The Twitter feature displays a tweet that was recently posted on the social media platform, Twitter. The tweets shown are usually from the account of the brand, business, artist, or celebrity being queried in the Google search bar.
If a tweet from the results is clicked on by the user, they will be directed to the tweet on twitter.com.
Here’s what the Twitter feature looks like on desktop results:
And on mobile results:
How to Rank for a Twitter Feature
To increase the chances of your tweet ranking on Google, focus on the following:
- Match your Twitter username to your brand name. When users search for your brand, it will match the brand name in your Twitter handle. This makes it obvious to Google, to show these tweets as the keywords match.
- Use keywords in your Twitter bio and tweets. When keywords are queried on Google, your Twitter page will show up as a result if it has matching keywords in it.
- Add a location in your Twitter bio and tweets.
- Add a link in your Twitter profile to your website. This makes your Twitter account more credible and helps Google connect your Twitter to your website.
To see how your tweet is ranking for a Twitter feature, you can query the link to the tweet in Organic Research. Change the scope to “exact URL” and you can see what keywords your tweet is ranking for in the Positions Report.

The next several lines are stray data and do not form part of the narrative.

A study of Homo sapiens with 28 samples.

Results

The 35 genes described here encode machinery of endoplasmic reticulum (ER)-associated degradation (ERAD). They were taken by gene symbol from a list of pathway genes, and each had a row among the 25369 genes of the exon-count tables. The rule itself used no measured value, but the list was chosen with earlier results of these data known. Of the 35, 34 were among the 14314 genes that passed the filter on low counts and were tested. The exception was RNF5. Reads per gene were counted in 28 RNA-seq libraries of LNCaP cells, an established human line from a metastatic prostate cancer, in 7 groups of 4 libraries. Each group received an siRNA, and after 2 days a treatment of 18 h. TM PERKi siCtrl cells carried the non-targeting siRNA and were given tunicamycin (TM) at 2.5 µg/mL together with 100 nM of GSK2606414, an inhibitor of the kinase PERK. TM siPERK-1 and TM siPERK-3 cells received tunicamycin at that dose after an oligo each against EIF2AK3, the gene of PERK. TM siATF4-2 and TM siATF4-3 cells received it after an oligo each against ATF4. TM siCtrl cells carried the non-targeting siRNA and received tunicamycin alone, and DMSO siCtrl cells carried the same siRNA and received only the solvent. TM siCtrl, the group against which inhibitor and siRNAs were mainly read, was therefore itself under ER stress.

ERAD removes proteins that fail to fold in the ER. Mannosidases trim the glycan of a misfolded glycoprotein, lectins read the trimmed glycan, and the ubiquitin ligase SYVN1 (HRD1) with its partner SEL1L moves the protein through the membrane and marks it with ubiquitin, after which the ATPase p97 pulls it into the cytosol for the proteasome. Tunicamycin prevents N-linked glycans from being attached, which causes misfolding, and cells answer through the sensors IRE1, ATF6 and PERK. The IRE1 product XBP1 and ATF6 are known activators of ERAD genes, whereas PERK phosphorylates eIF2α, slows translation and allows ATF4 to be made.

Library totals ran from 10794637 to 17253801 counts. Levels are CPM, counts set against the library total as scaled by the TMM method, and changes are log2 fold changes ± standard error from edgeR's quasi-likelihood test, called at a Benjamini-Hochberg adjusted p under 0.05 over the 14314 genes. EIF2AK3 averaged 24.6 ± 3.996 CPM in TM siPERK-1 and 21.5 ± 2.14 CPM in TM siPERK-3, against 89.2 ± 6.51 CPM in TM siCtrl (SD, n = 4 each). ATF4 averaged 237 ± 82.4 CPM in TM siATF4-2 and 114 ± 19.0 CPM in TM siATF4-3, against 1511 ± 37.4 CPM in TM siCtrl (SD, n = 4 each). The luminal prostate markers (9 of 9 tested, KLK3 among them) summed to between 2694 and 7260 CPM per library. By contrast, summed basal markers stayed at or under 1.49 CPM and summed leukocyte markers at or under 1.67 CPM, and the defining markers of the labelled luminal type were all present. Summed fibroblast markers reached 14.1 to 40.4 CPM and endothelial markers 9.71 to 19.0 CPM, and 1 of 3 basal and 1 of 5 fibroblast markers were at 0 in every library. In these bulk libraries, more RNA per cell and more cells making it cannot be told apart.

How Semrush Collects Data About Twitter Features
We crawl Google’s SERPs to collect the URLs linked to Twitter. This allows you to see if a keyword ranks for a Twitter feature in our Organic Research toolkit.
- When we scan a keyword’s SERP, we identify whether or not a Twitter feature is present anywhere on the results page.
- If a Twitter feature is present on the results page, but the URL of the tweet you entered doesn’t appear for a Twitter feature: its icon will appear gray in the SERP Features column.
- If the URL of your tweet ranks for a Twitter feature: you’ll see a stand-alone blue icon listed in the Positions column. This will allow you to see estimated traffic coming from the tweet. You’ll also see another row in the same table with the URL’s organic ranking and estimated traffic.
To learn more about this SERP feature and others, read our SERP Features Guide.